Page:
Spreadsheet Western

The only sound heard in the low light of the office was the point and click of a mouse and the tap of keyboard keys, way back in the far corner of the cubicle farm. The person operating that keyboard and mouse, got up, spooned an overheaped teaspoonfull of instant coffee into a plain, white mug and strode out of the office into the kitchette located just outside the office. A man in a suit and tie stopped him.
“I’ve been looking for you,” the man said. “I hear you’re good with spreadsheets.”
The other man nodded as he filled his mug with hot water by pulling the red handle over a spigot. Then he walked out of the room to go back to his desk. The man in the suit and tie followed.
The other man sipped his coffee before getting back to work, pointing and clicking his mouse, tapping the keys on his keyboard.
“Don’t bother,” the other man said.
“Pardon?” The man in the suit and tie asked.
“Don’t bother,” the other man said a little louder. “I like the lights low.”
The man in the suit and tie nodded. “Listen, I’m new here in the operations department and I need some data summarized in some spreadsheets.”
The other man continued to point and click and tap and type.
“Can you help?” The man in the suit and tie asked.
No answer. He slapped at the Blackberry in the holster on his hip to stop it vibrating.
“I asked if you could help me? Can you? You want me to come back later?”
No answer. He slapped his Blackberry again.
“I’m screening calls because I can’t tell anyone anything. I need information, goddamnit.”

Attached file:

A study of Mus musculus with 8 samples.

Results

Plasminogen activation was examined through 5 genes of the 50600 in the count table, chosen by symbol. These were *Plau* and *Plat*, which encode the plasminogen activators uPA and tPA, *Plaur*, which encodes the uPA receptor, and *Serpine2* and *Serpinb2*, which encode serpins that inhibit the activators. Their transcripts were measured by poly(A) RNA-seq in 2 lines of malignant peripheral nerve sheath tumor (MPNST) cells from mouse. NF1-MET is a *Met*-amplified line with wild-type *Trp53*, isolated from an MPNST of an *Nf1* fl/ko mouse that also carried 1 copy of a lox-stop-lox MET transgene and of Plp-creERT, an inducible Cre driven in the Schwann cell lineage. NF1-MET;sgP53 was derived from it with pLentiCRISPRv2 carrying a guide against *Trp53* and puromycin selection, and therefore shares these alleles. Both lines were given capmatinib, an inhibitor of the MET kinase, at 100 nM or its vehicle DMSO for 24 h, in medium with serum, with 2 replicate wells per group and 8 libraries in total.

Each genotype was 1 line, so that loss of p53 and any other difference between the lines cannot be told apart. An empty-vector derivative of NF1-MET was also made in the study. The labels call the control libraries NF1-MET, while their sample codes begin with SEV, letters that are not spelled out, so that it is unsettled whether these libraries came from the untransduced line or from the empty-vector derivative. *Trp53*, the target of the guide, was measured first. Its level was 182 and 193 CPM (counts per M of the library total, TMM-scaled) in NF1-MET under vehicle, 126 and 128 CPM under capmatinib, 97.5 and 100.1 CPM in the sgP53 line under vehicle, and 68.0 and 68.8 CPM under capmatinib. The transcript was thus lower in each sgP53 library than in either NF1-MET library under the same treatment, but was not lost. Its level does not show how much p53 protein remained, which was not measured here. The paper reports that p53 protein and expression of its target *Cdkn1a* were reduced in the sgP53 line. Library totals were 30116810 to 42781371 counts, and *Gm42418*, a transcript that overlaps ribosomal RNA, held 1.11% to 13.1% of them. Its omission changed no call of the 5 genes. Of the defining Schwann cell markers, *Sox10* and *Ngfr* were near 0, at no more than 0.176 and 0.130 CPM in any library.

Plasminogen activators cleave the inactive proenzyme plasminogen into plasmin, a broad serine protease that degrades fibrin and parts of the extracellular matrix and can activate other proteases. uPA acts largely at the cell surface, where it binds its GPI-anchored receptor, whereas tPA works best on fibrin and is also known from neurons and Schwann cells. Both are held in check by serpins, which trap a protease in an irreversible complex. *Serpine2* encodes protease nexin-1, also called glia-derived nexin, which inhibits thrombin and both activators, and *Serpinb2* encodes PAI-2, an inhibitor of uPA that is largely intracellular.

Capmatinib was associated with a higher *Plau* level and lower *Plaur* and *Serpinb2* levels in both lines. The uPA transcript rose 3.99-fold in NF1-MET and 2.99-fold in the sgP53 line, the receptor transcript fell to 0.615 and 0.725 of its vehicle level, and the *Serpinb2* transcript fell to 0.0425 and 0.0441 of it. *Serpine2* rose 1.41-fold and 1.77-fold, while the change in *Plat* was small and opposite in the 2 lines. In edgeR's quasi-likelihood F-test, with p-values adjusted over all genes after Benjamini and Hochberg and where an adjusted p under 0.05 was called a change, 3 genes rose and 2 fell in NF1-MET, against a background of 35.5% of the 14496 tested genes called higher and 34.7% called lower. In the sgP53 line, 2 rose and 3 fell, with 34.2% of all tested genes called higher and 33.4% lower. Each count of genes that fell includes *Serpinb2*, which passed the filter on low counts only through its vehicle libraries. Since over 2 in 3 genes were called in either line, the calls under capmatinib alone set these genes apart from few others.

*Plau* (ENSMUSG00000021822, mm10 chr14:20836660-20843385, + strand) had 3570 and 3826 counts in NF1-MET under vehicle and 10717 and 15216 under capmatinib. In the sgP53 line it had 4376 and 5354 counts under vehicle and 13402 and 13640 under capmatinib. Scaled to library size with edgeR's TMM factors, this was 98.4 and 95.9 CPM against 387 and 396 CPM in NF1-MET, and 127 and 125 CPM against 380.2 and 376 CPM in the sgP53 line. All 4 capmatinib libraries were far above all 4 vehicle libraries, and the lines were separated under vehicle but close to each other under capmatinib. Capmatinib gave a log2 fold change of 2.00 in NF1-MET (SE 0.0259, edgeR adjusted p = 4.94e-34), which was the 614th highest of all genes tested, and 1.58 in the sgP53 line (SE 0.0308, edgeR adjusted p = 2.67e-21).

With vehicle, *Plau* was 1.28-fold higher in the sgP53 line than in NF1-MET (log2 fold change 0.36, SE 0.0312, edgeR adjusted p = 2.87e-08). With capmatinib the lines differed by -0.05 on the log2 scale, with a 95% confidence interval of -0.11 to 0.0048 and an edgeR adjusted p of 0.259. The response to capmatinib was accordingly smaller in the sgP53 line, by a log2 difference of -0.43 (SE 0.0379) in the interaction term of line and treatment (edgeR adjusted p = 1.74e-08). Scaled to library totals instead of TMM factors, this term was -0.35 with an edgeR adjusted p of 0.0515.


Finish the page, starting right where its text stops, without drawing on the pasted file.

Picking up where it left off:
Still no answer. He slapped again at his Blackberry.
“Godammnit!” The man in the suit and tie swore.
The other man stood up and drained his mug of instant coffee then overheaped another teaspoonfull of instant coffee into his mug and went to the kitchenette. He whistled softly to himself.
“Are you ignoring me?” The man in the suit and tie asked. He was right on the other man’s heels, looking around at him, trying to look the other man in the eye.
The other man proceeded to fill his mug again with hot water.
“Check your email,” the other man said, topping off his mug.
“What?”
The other man stepped toe to toe with the man in the suit and tie and slowly looked into his eyes. “Check your email.”
Then he went back to his desk. The man in the suit and tie followed, reading the screen on his phone.
“Wha? How did? This is what I was looking for. Everything. How did you know?”
The other man sat down and went back to pointing and clicking and tapping and typing.
“Keep the light off on your way out,” the other man said to the man in the suit and tie. “I’ve got more work to do.”